Tax policy: No change is better than a bad change

11 Jul 2017

Policy area: Tax & Finance

Originally published in the BPF Annual Review 2016-17.

With over 60 changes to the tax rules impacting real estate over the last six years, wouldn’t it be nice if the negotiation philosophy ‘no deal is better than a bad deal’ could be applied to tax policy creation? This year has seen thousands of pages of new legislation and guidance on BEPS alone. It’s no surprise that our messaging to government increasingly focuses on the need for certainty and a longer term, holistic approach to the tax system, avoiding gimmicky, knee-jerk policy making.

What’s happened this year?


After two years of lobbying, hundreds of pages of consultation responses and countless meetings with industry and government, the “Base Erosion and Profit Shifting” (BEPS) corporate interest restriction legislation will be effective from 1 April 2017. The big win for our industry is the recognition that property rented to a third party will qualify for the “Public Benefit Infrastructure Exemption” (PBIE) – which will provide greater certainty that third party interest costs will receive tax relief. Some of the other PBIE criteria are still quite restrictive, and we will continue to engage with government on this issue.


While BEPS has received most of the limelight, the restriction of corporation tax loss relief is another big change for real estate businesses – which will have a detrimental impact on cash flow and significantly increase the compliance burden.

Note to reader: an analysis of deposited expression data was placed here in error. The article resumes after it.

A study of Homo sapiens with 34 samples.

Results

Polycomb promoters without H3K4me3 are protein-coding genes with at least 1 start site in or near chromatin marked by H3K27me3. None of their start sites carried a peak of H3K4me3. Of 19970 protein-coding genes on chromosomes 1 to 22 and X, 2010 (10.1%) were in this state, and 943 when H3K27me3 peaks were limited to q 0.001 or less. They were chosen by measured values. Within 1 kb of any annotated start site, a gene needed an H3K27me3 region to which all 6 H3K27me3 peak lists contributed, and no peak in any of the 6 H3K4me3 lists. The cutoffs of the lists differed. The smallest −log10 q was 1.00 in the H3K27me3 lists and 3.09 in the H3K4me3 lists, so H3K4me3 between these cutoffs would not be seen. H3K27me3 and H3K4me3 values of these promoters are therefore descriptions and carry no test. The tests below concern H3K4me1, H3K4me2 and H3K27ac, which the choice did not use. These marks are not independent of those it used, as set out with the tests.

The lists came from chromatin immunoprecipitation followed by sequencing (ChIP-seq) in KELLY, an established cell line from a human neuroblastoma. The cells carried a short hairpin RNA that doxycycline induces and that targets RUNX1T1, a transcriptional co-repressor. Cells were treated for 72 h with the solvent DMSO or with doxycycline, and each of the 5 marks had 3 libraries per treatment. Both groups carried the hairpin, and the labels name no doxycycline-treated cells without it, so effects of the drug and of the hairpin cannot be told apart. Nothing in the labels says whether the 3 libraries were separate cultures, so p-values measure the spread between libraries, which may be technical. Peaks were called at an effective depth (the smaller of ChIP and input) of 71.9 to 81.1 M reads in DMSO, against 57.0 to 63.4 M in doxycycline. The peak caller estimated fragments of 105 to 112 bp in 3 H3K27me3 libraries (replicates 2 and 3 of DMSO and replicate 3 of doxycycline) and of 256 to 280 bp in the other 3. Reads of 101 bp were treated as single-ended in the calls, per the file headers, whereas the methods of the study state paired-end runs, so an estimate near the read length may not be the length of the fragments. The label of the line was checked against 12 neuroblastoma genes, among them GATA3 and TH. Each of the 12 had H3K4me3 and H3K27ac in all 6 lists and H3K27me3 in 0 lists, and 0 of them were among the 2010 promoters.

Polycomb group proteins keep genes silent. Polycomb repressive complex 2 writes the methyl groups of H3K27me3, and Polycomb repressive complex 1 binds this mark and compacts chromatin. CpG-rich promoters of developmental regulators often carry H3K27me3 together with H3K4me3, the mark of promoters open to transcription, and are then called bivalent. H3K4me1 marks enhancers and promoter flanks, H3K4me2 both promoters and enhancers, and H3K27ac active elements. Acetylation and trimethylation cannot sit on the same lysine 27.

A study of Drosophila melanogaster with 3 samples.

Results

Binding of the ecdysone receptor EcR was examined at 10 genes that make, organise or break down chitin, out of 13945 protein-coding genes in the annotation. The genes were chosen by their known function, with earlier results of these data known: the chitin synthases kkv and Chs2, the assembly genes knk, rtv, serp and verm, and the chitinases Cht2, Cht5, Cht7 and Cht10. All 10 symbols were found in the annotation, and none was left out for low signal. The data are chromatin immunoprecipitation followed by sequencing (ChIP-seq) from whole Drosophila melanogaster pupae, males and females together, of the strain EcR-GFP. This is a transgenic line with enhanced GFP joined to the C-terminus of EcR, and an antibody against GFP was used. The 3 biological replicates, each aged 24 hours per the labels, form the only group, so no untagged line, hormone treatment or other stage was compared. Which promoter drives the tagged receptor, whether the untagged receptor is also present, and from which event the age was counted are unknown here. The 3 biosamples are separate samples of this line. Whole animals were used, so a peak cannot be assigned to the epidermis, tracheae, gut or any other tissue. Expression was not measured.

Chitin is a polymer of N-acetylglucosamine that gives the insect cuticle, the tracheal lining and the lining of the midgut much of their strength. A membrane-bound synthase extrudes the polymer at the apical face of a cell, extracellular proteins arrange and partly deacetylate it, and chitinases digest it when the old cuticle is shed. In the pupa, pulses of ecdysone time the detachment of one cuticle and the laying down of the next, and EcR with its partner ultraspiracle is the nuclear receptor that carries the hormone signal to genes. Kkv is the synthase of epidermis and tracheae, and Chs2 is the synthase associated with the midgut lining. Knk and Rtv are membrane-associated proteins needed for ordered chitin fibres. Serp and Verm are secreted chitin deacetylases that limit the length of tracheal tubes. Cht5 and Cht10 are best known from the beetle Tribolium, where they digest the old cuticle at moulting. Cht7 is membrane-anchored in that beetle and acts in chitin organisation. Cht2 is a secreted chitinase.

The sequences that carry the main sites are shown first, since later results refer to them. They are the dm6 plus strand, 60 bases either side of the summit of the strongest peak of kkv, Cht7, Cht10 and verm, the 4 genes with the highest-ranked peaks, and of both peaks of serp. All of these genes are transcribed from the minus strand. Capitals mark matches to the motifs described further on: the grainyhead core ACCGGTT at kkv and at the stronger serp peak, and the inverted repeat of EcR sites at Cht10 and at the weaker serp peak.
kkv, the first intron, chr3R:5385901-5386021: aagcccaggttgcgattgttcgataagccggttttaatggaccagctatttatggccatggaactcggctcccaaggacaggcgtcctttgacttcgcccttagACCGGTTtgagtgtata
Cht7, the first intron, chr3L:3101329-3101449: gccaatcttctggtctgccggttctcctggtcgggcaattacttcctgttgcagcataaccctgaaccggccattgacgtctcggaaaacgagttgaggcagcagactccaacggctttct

Non-Resident Landlords

Largely because of the changes to interest and loss rules, government has consulted on bringing corporate Non-Resident Landlords (NRLs) within corporation tax, to ensure there is a level playing field between UK and non-UK corporate landlords. With 28% of the UK’s commercial real estate owned by overseas investors, it is important that government implements these changes sensitively.

Substantial Shareholding Exemption (SSE)

We welcomed the extension of the SSE, a capital gains tax exemption, which should make the UK a more attractive fund domicile location for all asset classes. We will continue to push the new government for REITs to be treated as a qualifying investor under these rules.

What’s next?

Globalisation, devolution and technology

BEPS may have just scratched the surface of the kind of fundamental tax changes authorities will need to make to keep up with businesses constantly responding to globalisation and technological change. It will be interesting to see how these changes are balanced with greater devolution of tax raising powers in the UK.

The “clicks vs bricks” debate will continue to gather pace – not least because government will want to make sure that it’s getting a “fair” slice of the pie from the success of online retail and other changes to consumer behaviour. Whether the business rates system is the most appropriate way to achieve this is up for debate.


The transparency agenda will continue to gather momentum. UK businesses have already started to comply with the Persons of Significant Control rules, and progress will continue on the new register for overseas owners of property in the UK.

More change is inevitable

It makes sense that the tax system should evolve to keep up with changing business and consumer behaviour. However, real estate investment thrives on certainty – how can you commit to large long-term investments if there’s a danger that the rules of the game will change tomorrow? The government must find a balance between change and stability; future policy change should be considered and well thought through – after all, no change is better than a bad change.